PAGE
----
Dorian Hargrove 8 p.m., Dec. 11
The recent wet weather in San Diego has caused new plants to germinate. Everything is green now, and the species-specific insects in love with purple and violet flowers must be enjoying all of this.
Many years ago, there would be decent numbers of Monarch butterflies in the area for short spans of time, stopping by on their way in and out of Mexico. I rarely see them anymore.
Today, with the smell of drying dampness in the air and people yelling at me to take my shoes off coming back inside, I ran to get the digital camera for a shot of a Monarch-looking creature that was more yellow and black instead of the typical orange and black markings I was used to seeing. At my age, I move too slow, and alas, I have no picture to show you.
It's not the first year I've seen this type of creature, and the markings are in a different patterned arrangement than those of the Monarch. For me, the one that passes through now – rather than the swarms of Monarchs I used to see – is just another unidentified flying object, an alien probably from Mexico.
I didn't see it carrying any passport...
I did get a couple of shots of what the bees have done by screwing with the navel orange tree. The branches are so heavy with fruit that they touch the ground. We're happy the branches seem to be flexible. Trading oranges with the neighbors always improves foreign relations. Lately, the bees have taken to turning the numerous old pepper trees into vibrant white noise machines, and it is a treat to watch and hear them at work by standing beneath the overhead branches.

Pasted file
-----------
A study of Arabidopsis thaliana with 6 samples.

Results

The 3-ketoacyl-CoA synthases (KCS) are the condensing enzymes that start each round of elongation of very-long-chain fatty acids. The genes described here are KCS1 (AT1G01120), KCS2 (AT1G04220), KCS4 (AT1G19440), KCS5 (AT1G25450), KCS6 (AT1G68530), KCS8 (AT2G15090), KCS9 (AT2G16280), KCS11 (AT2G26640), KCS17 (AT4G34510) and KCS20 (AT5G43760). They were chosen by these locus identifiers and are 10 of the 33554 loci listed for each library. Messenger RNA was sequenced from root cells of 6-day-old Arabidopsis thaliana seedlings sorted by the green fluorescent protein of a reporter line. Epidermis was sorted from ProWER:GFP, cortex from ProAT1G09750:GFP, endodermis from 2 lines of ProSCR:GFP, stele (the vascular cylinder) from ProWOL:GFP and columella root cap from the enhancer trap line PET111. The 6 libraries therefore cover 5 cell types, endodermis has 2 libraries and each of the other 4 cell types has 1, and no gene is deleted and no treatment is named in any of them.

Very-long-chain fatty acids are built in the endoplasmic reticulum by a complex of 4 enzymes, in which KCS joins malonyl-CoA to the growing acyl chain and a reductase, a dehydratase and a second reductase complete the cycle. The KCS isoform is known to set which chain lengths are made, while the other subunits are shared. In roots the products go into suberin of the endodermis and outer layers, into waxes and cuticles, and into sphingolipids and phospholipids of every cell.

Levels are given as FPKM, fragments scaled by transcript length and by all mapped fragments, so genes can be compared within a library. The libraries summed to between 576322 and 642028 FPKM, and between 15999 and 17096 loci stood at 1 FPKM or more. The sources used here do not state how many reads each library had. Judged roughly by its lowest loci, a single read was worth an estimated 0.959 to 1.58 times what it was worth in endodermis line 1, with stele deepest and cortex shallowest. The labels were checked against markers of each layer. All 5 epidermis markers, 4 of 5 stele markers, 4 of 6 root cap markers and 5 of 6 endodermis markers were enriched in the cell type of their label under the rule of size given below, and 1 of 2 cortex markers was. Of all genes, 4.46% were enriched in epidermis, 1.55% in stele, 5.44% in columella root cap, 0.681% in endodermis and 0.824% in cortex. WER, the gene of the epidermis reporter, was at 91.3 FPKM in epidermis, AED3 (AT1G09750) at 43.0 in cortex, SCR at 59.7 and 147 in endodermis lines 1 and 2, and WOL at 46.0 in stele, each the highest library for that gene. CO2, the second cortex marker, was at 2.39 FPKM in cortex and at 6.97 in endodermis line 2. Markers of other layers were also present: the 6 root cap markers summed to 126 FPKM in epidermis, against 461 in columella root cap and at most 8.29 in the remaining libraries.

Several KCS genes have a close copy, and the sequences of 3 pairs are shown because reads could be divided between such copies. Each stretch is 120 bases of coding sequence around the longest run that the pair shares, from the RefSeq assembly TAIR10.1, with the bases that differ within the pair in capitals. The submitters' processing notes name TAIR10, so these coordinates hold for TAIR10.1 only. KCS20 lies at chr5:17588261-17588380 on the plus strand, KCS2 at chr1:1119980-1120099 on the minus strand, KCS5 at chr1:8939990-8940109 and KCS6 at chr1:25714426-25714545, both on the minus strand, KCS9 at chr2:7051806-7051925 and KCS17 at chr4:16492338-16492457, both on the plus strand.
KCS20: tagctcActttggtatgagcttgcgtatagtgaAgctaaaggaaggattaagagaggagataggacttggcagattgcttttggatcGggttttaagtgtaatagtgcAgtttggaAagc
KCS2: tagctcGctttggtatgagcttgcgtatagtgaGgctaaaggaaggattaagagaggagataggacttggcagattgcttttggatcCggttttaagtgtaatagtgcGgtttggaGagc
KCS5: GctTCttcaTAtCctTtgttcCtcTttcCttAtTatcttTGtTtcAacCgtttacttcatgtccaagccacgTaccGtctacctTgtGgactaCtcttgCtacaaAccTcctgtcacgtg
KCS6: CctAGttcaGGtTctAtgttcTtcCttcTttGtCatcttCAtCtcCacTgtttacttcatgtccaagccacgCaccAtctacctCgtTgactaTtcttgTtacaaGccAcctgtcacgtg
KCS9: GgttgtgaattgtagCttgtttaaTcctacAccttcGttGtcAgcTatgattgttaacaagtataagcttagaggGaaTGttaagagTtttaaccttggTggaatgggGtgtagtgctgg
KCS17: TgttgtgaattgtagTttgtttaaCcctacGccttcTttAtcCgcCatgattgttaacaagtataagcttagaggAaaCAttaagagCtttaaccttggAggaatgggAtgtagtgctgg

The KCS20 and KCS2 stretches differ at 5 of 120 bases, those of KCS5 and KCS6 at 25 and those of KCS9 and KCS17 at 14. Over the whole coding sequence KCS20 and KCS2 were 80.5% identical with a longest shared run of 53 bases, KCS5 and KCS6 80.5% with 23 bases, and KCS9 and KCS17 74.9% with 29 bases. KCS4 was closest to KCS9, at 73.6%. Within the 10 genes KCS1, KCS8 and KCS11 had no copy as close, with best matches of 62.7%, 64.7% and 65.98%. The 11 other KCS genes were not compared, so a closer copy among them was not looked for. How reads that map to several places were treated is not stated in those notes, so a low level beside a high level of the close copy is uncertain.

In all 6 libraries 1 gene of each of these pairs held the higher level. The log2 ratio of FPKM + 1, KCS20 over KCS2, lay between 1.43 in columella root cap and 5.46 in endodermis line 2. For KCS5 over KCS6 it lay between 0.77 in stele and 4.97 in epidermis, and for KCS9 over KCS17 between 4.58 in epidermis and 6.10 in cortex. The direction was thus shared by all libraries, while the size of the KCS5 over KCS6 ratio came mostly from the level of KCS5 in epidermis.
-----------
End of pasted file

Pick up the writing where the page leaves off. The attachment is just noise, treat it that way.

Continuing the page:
For the first time that can recall, the decades-old olive shrubs are turning out fruit. Strange, although I know there have been productive trees maybe half a block away. Hopefully, those trees are still standing.
Unfortunately, there are no seedless grapes. The dog has discovered her taste for seedless grapes, and they are no more. A couple of years ago, I managed to haul down an impressive bunch of them that was worth a few days of baked goods from one neighbor. We contemplate the erection of trellises high enough that the dog, great leaper that she is, will be challenged to eat all of them. We like the local baked goods barter trade.